Adam Smith on the greater productivity brought about by the division of labor and technological innovation (1760s)

Adam Smith

Found in An Inquiry Into the Nature and Causes of the Wealth of Nations (Cannan ed.), vol. 1

In an early draft of the Wealth of Nations (1776) which Adam Smith wrote in the 1760s he discusses the very great increases in productivity brought about by incremental improvements in technology such as the plough and the corn mill, often brought about by the users of the machines who stood to benefit from them:

Every body must be sensible how much labour is abridged and facilitated by the application of proper machinery. By means of the plough two men, with the assistance of three horses, will cultivate more ground than twenty could do with the spade. A miller and his servant, with a wind or water mill, will at their ease grind more corn than eight men could do, with the severest labour, by hand mills. To grind corn in a hand mill was the severest work to which the antients commonly applied their slaves, and to which they seldome condemned them unlessl when they had been guilty of some very great fault. A hand mill, however, is a very ingenuous machine which greatly facilitates labour, and by which a great deal of more work can be performed than when the corn is either to be beat in a mortar, or with the bare hand, unassisted by any machinery, to be rubbed into pouder between two hard stones, as is the practice not only of all barbarous nations but of some remote provinces in this country. It was the division of labour which probably gave occasion to the invention of the greater part of those machines, by which labour is so much facilitated and abridged. When the whole force of the mind is directed to one particular object, as in consequence of the division of labour it must be, the mind is more likely to discover the easiest methods of attaining that object than when its attention is dissipated among a great variety of things. He was probably a farmer who first invented the original, rude form of the plough. The improvements which were afterwards made upon it might be owing sometimes to the ingenuity of the plow wright when that business had become a particular occupation, and sometimes to that of the farmer.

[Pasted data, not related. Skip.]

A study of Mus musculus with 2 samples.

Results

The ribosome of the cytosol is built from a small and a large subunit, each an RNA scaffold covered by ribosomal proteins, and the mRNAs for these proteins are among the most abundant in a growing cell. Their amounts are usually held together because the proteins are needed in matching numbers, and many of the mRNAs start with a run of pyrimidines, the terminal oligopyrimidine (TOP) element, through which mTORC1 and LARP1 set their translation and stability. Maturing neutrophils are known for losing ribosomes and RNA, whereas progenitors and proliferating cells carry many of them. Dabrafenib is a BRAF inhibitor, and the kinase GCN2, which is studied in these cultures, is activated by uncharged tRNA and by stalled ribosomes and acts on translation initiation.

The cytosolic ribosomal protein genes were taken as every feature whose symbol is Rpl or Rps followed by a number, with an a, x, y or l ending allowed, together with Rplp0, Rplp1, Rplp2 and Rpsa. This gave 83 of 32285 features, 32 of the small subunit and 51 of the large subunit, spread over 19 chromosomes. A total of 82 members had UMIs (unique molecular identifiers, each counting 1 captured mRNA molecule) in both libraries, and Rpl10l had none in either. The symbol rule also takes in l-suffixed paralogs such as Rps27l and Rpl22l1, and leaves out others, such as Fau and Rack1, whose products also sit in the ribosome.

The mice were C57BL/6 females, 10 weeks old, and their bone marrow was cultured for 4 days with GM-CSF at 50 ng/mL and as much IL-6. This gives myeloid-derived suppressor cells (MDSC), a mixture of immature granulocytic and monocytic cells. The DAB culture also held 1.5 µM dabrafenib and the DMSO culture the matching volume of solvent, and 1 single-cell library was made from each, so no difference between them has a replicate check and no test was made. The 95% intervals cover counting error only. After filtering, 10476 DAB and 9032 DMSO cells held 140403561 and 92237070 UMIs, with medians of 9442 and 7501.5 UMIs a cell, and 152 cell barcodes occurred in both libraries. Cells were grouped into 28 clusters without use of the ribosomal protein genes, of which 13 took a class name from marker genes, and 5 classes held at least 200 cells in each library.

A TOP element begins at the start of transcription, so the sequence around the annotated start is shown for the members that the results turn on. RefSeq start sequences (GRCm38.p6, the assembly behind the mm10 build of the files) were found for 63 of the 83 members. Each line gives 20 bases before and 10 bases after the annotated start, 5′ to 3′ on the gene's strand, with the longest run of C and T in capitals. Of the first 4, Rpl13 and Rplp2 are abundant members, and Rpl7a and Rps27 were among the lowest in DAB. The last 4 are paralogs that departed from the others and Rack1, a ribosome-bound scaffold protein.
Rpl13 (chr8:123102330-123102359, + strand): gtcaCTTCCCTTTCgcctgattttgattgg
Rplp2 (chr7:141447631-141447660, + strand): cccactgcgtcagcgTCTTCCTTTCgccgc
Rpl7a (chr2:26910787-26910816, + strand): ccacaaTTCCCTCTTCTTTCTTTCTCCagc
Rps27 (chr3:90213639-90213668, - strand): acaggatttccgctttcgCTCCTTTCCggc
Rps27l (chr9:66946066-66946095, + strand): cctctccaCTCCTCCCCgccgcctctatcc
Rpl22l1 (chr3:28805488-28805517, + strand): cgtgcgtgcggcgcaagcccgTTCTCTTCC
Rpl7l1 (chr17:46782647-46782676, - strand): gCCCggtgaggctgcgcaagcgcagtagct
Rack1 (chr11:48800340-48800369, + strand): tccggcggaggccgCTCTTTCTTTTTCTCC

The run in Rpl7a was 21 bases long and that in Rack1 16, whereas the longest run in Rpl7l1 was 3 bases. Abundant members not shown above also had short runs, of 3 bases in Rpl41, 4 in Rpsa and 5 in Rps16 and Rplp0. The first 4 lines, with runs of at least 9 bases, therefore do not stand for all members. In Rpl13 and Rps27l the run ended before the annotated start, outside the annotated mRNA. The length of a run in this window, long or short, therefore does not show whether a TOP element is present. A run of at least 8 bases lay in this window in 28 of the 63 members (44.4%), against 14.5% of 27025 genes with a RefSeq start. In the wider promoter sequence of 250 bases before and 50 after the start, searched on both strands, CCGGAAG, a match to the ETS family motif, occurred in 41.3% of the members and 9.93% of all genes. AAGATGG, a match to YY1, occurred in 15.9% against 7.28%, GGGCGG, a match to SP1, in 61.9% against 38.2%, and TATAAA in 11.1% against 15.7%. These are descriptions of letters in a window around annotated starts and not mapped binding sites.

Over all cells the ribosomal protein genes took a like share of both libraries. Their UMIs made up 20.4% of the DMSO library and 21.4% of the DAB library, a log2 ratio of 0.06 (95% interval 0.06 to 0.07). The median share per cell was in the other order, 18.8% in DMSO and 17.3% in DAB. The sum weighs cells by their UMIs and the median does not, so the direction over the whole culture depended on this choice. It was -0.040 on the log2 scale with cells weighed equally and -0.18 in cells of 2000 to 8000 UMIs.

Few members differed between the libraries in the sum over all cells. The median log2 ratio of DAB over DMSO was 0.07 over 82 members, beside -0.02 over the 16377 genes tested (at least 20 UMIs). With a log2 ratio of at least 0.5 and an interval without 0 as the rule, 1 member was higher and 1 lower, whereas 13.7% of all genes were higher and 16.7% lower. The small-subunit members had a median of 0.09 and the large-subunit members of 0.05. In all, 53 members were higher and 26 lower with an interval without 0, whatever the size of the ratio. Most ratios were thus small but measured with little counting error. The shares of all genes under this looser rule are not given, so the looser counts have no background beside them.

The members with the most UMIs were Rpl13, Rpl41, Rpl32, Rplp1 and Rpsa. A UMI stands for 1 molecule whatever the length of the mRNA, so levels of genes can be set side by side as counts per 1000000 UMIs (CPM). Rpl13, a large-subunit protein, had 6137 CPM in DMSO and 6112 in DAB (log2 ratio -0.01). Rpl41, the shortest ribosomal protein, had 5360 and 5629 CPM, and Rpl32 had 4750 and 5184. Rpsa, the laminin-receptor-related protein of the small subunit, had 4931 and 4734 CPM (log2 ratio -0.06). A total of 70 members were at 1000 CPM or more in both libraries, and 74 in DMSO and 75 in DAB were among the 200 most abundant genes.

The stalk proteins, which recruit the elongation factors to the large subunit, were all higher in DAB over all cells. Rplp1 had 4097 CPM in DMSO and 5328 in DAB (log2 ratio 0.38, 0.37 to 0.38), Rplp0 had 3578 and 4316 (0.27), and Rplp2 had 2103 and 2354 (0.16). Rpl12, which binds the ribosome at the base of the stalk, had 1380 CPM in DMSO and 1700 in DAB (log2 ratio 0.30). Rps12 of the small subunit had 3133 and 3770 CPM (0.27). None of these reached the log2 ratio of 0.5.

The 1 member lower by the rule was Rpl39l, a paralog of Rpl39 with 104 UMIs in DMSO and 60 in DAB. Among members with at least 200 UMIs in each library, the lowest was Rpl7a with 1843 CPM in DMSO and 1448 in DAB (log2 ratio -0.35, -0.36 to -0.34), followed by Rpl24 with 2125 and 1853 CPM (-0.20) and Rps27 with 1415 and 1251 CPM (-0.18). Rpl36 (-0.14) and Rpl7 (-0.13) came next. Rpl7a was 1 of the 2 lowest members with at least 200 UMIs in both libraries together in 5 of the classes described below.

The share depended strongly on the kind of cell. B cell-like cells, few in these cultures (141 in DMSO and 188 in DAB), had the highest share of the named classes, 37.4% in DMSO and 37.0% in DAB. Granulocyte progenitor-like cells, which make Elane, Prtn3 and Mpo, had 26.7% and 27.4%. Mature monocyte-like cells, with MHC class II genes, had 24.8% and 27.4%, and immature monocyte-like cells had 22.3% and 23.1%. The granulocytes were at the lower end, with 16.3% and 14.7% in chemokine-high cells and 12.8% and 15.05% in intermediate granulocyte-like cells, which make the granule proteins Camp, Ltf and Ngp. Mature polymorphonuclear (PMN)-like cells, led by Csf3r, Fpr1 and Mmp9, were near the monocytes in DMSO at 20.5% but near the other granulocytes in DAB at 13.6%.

This quote from an early draft of the Wealth of Nations is interesting for not only making the point that the division of labor creates greater productivity but also for stating clearly that it stimulates technological innovation as well. When “ the whole force of the mind is directed to one particular object”, such as the use of a plough or a grain mill, the users of technology naturally strive to reduce the amount of labor they must expend and hence come up with incremental improvements. Gradually over time new improvements are added by different users of the tools which add even more to the productivity of their labor. Smith concludes that “(t)hese different improvements were probably not all of them the inventions of one man, but the successive discoveries of time and experience, and of the ingenuity of many different artists”, a conclusion which seems very similar to Adam Ferguson’s description of social orders like the market, which were “the result of human action, but not the execution of any human design”. What Smith does not state, but which is implied in what he is saying, is that these technological innovations come about because humans are stimulated by the incentive of economically benefiting from the improvements they introduce to productive process if they are the property owners of the greater output which results from the effort and ingenuity.